NZ Steel sues government over Chinese import decision

Former Commerce Minister Jacqui Dean decided not to take action over Chinese steel dumping.

NZ Steel is suing the government over the previous Commerce and Consumer Affairs Minister’s decision not to take action over Chinese steel dumping.

In July, then Commerce Minister Jacqui Dean said she would not impose countervailing duties on imports of galvanised steel coil from China.

A Ministry of Business investigation found Chinese imports of steel were subsidised at very low levels, no more than 0.08%, a spokesperson said.

However, the report was heavily criticised by E tū at the time of its release, with the union saying it was “extremely disappointed" with the decision. It claimed there were serious questions about the rigour of the research given only one Chinese manufacturer responded to questions from the New Zealand government.

This September NZ Steel lodged an application for judicial review of the former minister’s decision.

A hearing began this morning in the High Court at Wellington before Justice Susan Thomas, with Jack Hodder, QC, representing NZ Steel, which is owned by ASX-listed BlueScope. James Every-Palmer, QC, is representing the government.

MBIE and new Commerce Minister Kris Faafoi wouldn't comment further on the case. NZ Steel says in a statement while it will not comment on specifics, "it recognises the importance of countries operating within the WTO framework and is committed to free but fair trade."

The ministry is taking a look at different claims over Chinese steel imports, with former minister Ms Dean having signed off on another investigation in August just before Parliament was dissolved for the general election.

That investigation, which is still going, concerns the reinforcing steel bar and coil or rebar from China and Malaysia.

Chinese steel imports have been a bone of contention around the world as US and European producers claimed their own industries were being undercut by the dumping of subsidised steel in their markets.

Australian-owned New Zealand Steel achieved a $A100 million turnaround in underlying operating earnings in the year to June 30, following two years of deep cost-cutting, the sale of its Taharoa ironsands business, and a focus on domestic over export sales.

Underlying earnings before interest and tax came in at $A61.1 million for the year, compared with a $A40.3 million loss in the 2016 financial year, despite a fall in total steel despatched from 697,100 tonnes the previous year to 604,900 tonnes in the latest year and sales revenue of $A747.5 million well below the $A887.3 million recorded in the previous year.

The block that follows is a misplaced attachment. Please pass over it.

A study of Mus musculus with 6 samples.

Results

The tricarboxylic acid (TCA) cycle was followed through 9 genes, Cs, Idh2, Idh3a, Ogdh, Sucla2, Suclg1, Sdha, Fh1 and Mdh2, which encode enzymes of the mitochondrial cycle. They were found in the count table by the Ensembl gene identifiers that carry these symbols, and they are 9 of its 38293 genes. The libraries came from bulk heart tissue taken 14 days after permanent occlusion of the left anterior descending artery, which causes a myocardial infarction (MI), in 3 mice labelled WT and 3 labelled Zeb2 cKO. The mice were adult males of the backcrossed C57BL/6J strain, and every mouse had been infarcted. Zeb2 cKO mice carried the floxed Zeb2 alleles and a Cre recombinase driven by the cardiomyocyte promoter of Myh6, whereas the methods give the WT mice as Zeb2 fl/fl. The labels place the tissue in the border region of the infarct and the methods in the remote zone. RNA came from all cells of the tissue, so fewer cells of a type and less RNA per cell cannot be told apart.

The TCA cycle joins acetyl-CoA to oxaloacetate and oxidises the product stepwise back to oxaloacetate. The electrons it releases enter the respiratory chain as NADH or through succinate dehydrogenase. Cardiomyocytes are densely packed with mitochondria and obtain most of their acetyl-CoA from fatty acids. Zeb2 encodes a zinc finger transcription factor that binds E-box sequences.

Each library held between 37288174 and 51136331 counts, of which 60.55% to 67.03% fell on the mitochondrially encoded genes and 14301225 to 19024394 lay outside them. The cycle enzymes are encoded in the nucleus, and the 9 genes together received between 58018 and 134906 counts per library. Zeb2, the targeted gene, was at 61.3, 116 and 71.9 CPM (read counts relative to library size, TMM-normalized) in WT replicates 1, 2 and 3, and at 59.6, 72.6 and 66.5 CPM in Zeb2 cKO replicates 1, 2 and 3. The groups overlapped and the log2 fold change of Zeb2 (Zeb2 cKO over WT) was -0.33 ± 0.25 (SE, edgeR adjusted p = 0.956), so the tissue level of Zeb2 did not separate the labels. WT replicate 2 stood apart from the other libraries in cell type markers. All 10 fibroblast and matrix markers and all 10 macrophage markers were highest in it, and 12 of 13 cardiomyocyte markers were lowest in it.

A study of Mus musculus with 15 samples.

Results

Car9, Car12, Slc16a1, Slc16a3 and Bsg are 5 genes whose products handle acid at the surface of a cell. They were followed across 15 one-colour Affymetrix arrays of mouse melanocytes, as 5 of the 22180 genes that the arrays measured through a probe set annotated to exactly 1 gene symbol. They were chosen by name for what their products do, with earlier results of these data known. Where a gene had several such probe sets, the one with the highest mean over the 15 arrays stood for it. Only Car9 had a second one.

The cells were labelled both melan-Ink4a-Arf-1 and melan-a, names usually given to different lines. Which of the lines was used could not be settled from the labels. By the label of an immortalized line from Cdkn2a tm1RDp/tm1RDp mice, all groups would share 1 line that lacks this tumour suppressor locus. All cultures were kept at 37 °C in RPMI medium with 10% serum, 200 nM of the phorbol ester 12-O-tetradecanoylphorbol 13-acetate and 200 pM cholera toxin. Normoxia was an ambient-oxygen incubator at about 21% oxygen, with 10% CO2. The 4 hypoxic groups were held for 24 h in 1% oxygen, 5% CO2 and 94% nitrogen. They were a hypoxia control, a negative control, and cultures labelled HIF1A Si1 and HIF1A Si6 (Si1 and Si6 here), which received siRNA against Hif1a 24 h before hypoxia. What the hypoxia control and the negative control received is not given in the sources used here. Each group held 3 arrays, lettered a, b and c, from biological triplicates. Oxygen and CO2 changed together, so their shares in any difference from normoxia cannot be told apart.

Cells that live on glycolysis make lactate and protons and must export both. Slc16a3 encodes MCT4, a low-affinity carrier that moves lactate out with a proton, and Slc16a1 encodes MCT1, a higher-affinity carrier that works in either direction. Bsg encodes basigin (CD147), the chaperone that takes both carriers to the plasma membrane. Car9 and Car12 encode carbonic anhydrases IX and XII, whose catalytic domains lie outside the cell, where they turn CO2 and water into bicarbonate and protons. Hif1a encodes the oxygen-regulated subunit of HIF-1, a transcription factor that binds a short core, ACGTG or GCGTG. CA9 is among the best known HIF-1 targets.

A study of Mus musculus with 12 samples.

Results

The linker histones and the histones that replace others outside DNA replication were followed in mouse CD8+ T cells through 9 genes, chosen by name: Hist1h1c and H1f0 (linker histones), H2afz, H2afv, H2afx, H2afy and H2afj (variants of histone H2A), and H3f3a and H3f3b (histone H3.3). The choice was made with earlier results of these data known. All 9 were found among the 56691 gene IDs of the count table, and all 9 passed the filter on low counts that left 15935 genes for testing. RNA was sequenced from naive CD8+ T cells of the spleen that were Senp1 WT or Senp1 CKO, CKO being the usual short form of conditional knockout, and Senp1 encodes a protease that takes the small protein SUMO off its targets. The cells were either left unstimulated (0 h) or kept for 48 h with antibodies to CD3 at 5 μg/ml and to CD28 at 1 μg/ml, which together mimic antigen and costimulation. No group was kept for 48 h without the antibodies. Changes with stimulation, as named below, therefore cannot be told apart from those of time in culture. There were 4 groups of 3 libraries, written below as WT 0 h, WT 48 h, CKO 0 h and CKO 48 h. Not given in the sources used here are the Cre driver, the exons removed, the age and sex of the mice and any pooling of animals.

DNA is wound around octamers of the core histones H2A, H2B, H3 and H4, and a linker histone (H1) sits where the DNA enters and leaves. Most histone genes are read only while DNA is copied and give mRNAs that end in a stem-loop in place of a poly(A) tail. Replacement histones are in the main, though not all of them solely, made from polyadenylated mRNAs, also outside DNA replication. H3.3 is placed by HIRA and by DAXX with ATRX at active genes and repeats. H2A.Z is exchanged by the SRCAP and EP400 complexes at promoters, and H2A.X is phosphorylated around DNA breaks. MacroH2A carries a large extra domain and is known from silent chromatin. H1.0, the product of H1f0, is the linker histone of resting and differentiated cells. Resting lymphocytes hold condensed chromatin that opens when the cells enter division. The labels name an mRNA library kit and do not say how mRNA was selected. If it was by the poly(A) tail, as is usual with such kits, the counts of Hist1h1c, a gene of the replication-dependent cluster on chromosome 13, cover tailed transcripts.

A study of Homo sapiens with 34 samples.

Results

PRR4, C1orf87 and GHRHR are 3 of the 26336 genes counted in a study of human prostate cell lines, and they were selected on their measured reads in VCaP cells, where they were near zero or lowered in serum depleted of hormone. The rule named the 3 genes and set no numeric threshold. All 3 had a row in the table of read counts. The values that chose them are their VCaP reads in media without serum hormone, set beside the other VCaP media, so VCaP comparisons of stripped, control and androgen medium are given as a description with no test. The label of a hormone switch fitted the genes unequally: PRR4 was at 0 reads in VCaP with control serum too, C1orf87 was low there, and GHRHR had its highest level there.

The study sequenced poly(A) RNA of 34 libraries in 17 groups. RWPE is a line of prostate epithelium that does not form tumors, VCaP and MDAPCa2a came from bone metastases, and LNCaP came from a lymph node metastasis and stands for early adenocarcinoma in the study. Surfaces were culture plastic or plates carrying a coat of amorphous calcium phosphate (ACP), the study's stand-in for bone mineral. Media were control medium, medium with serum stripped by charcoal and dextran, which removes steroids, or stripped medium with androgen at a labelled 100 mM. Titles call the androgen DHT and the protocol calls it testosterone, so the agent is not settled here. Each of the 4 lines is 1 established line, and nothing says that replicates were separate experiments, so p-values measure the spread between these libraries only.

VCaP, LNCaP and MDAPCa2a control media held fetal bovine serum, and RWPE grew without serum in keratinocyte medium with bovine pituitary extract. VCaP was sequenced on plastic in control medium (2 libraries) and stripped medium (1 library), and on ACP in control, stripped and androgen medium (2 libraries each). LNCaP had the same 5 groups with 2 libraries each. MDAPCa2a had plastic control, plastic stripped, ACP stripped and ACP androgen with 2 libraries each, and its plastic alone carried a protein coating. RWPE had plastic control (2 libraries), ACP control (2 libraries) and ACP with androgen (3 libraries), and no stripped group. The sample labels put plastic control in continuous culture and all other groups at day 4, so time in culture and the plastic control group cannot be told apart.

That's what makes the contention that "it doesn't matter who owns the land, as NZ can legislate over it" argument I've seen many times in NBR comments so stunningly naive.

No, you will not be able to legislate in ways that much stronger foreign powers do not like, when that much of your land is owned by foreign public-private companies.

Forget about it...New Zealand couldn't keep two French terrorists in jail in the face of trade threats, much less legislate in ways foreign powers do not like once too much of NZ's productive land has been sold off.

"Maaaate, ya dreamin!"


In my experience the most impossible to deal with were people with Mediterranean suntans - you were lucky if you ever got paid - I found Chinese ethnic tough but fair to deal with - In the end only dealt with Mediterranean's on a cash-up-front basis




Basically other countries are trying to use us as their own pawn against China.


It isn't like the Chinese can get an exploit any monopoly that they could develop by driving the competition bust; as soon they tried to do it competition would spring up again. Which is precisely what happened when they tried to exploit their rare earth mineral monopoly - and now rare earths are cheaper than they have ever been.


Suggest you have a look at the Australian anti dumping commission website / current cases… http://www.adcommission.gov.au/cases/Pages/default.aspx
There are forty current cases before the Australian commission and most of these relate to dumping or subsidization of steel or aluminium from Asian producers.
The dumping of Asian sourced steel and aluminium in western markets is a serious global issue. Governments across Australia, US and Europe have all been active in supporting their industries to take action.
New Zealand has been very slow to respond to the dumping of, or subsidization of imported steel and aluminium products, partly because MBIE is not well resourced to process claims, partly because government ministers and officials have been reluctant to call Asian governments to account. Conversely, preparing claims is a costly and time consuming endeavor and local businesses are reluctant to invest in preparing claims when chance of a fair hearing is slim.

I would suggest that New Zealand Steel are rightfully acting to protect their business in New Zealand and the multiplicity of down stream steel processing businesses in New Zealand who rely on New Zealand steel products for their livelihood.

If you really want to be idealistic complain about the barriers that America has put up to stop our lower priced dairy being exported to their country. For New Zealand that is a serious issue, steel not so much.


It reminds me of the frog in the pot of water that is being bought to the boil very slowly.

By the time the frog realises whats happening its too late the frog is boiled.

And so with the Kiwi citizen. Slowly but surely boiled alive.



Should China complain about Fonterra dumping milk powder there??